Monday, July 22, 2013

Discussion: Jason Heyward to Center

Before Sunday's game with the White Sox, Dave O'Brien tweeted that the Braves were going to move Jason Heyward to center field for the time being with B.J. Upton out.  This move does have both positives and negatives so I'll look at both.

Positives

Outside of Heyward, the Braves have two players with experience in center.  Reed Johnson does a few things rather well at this level.  He hits lefties at a good rate.  He's competent in a corner outfield slot.  And that's a few.  One thing Johnson is simply not capable of doing is playing center field.  It's not a slight on him, but he's just not able to play center field.  Very few can.  If Heyward and Johnson aren't playing center, the only other option is Jose Constanza.  The little spark plug hasn't played much center at the major league level and when he has, he has been horrific.  He also hasn't been an everyday option in center since 2009.  Typically, if you can play center, you will stay there.  That's not to say that Heyward will be a plus in center where Heyward has only four starts and 29 innings.  In the minors, he only had 17 games there.  Since he was drafted, Heyward has played right field nearly every night, except for the ones where he was injured (and too many times, that has been the case).  Nevertheless, Heyward's superb range in right makes him one of the best, if not best, right fielders defensively in the game.  While playing center is different and picking up the ball off the bat is also more difficult, Heyward is definitely athletic enough.

Second, Heyward in center with Justin Upton almost certainly moving to right opens left field for Evan Gattis to get his fair share of consistent at-bats.  There are concerns with Gattis playing every day.  As a starter, Gattis is hitting .222/.281/.467 in his first 46 starts.  He seems to be better when Fredi Gonzalez can pick the spot he comes to the plate.  Still, the only way he Braves find out how he will handle being a starting player is to start him.  Johnson and Constanza will likely have to be ready to be a defensive replacement as Gattis in left is scary.  Sometimes, though, you have to sacrifice defense for hitting.

Negatives

Heyward is coming off a hamstring injury.  Is the best course of action to put him in center, where he probably has some level of discomfort, and let him try to range from gap-to-gap?  Especially considering if Gattis is in left, Heyward has to be counted on to make up for some of Gattis's complete lack of range?  If Heyward is feeling any soreness in his hamstring, playing center field could either cause him to nurse it or hurt himself further.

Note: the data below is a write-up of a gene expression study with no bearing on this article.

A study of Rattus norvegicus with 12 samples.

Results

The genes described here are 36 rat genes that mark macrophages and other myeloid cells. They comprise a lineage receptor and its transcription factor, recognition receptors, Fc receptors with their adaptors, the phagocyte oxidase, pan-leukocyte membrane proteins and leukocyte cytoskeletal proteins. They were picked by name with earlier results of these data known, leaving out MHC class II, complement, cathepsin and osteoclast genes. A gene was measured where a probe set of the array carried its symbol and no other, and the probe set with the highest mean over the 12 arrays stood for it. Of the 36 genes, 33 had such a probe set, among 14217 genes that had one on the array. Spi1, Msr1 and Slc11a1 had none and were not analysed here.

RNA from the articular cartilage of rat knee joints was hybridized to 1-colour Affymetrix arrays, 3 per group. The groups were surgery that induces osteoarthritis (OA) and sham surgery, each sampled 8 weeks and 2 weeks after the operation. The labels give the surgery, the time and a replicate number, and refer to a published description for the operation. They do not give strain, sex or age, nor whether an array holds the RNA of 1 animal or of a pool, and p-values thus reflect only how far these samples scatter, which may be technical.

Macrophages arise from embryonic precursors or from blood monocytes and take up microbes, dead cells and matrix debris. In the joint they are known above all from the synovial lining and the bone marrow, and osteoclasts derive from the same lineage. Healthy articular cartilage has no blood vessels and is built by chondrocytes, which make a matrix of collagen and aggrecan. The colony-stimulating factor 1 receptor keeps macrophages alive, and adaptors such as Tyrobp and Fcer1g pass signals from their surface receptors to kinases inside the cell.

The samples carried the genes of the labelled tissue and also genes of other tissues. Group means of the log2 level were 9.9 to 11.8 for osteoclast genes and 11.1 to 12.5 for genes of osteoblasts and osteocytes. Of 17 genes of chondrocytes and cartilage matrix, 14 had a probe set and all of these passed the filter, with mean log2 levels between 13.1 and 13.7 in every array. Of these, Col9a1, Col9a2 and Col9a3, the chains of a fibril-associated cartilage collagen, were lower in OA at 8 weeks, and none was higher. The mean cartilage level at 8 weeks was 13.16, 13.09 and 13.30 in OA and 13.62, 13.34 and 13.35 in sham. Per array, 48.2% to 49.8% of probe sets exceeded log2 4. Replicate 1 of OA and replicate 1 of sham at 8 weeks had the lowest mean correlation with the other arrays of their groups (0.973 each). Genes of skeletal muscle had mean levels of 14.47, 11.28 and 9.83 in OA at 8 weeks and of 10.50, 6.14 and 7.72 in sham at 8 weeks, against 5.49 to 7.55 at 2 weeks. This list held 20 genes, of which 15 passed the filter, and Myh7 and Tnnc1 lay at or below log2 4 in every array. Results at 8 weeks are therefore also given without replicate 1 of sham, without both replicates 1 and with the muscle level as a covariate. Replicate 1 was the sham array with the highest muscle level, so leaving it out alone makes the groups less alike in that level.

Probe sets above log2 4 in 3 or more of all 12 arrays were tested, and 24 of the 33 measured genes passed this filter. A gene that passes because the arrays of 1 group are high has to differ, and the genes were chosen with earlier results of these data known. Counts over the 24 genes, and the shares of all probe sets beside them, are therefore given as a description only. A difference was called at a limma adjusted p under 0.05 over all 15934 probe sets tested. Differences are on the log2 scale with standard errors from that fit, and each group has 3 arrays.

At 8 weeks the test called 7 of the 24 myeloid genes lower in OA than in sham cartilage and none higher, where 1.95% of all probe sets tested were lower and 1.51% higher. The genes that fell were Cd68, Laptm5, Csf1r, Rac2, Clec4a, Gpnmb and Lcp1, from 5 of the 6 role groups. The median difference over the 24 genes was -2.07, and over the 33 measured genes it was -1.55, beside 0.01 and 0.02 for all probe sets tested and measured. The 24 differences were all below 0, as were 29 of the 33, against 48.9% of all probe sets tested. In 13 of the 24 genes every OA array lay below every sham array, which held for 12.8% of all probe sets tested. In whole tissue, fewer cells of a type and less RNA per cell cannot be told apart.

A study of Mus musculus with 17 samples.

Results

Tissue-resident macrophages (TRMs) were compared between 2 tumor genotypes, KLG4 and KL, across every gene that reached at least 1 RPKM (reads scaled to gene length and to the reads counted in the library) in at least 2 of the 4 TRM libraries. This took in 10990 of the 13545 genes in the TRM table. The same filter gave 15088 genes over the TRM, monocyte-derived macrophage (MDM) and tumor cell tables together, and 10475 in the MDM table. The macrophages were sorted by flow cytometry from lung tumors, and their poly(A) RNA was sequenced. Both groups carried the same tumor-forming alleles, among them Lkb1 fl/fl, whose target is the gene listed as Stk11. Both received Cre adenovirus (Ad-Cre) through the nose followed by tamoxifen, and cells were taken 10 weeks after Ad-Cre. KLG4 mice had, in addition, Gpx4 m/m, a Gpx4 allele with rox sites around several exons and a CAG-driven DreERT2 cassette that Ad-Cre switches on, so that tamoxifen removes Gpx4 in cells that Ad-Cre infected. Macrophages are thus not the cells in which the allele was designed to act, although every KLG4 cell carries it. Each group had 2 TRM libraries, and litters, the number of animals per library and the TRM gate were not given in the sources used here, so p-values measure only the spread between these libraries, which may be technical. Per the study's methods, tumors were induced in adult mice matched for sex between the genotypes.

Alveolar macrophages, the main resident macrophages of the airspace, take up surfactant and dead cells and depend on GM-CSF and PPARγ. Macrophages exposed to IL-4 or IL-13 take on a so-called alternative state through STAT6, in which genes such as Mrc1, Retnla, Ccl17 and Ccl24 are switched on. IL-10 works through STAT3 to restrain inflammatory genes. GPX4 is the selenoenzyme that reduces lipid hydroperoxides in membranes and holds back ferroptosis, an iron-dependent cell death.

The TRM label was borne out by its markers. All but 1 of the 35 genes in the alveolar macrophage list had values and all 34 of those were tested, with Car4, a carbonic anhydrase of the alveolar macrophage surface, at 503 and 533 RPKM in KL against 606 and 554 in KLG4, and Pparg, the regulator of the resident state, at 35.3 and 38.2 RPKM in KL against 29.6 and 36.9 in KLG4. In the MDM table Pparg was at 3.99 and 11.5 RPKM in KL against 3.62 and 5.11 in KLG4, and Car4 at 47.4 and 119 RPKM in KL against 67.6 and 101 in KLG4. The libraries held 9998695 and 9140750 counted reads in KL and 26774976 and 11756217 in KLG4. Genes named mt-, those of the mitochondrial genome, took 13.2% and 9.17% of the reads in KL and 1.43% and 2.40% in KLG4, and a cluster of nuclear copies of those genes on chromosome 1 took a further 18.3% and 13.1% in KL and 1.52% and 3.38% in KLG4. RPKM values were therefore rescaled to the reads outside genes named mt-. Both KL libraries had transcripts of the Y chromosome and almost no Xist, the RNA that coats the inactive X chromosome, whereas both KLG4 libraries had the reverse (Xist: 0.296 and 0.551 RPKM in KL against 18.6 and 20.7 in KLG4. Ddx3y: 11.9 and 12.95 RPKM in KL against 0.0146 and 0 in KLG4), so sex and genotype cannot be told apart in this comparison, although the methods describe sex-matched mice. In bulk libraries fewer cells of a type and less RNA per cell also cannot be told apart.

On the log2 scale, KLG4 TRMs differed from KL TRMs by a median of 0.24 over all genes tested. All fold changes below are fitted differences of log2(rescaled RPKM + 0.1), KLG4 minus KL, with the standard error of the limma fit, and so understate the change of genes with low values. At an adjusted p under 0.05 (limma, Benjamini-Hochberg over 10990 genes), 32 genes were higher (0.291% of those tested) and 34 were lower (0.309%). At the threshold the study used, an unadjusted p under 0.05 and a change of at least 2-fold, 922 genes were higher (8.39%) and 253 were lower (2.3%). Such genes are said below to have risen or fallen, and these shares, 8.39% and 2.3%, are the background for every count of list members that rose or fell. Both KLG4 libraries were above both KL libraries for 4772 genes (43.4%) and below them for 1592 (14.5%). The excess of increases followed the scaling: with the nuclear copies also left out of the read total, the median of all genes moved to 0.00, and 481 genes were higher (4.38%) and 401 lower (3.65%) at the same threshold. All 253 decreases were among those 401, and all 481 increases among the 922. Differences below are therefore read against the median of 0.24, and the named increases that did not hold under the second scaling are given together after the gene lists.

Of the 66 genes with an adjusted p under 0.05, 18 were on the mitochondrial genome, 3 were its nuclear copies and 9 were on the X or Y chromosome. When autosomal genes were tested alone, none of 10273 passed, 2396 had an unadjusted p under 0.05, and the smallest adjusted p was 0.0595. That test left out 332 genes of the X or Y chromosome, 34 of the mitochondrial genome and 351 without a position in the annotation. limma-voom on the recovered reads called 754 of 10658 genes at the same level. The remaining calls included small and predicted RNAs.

Plus, as much difficulty as Heyward has had with getting comfortable at the plate, making him more uncomfortable with a strange position is worrisome.

Beyond that, using Gattis and Chris Johnson in the same game means the Braves will likely be using two defensive replacements in late games with the lead.  This could be dangerous when the Braves do give up the lead, forcing the Braves to rely on the bats of Paul Janish, Reed Johnson, and/or Constanza late in games, even in extra innings.  The five-men bench quickly becomes a three-men bench at best.  That handcuffs how aggressive the Braves can be in crunch time.  Replacing Brian McCann with a pinch runner would probably fall on a pitcher.

Conclusion

Bottom line, the Braves don't have many options.  Todd Cunningham's defense in center is probably the best of the possible options, but he's in Gwinnett.  So excusing him, the three options presented to Fredi Gonzalez clearly point to Heyward being the best.  While there is a valid amount of concerns about a move like this, especially from an injury side, getting the better lineup options to the plate brings more value.

The Braves might find themselves dealing with the occasional short bench because of defensive replacements, but that doesn't seem like a problem they will face very often.  And how much more of an injury concern Heyward has in center vs. right is debatable.  My gut tells me he won't be more adversely at risk than if they were playing him in right.

Though it does feel very odd to agree with Fredi.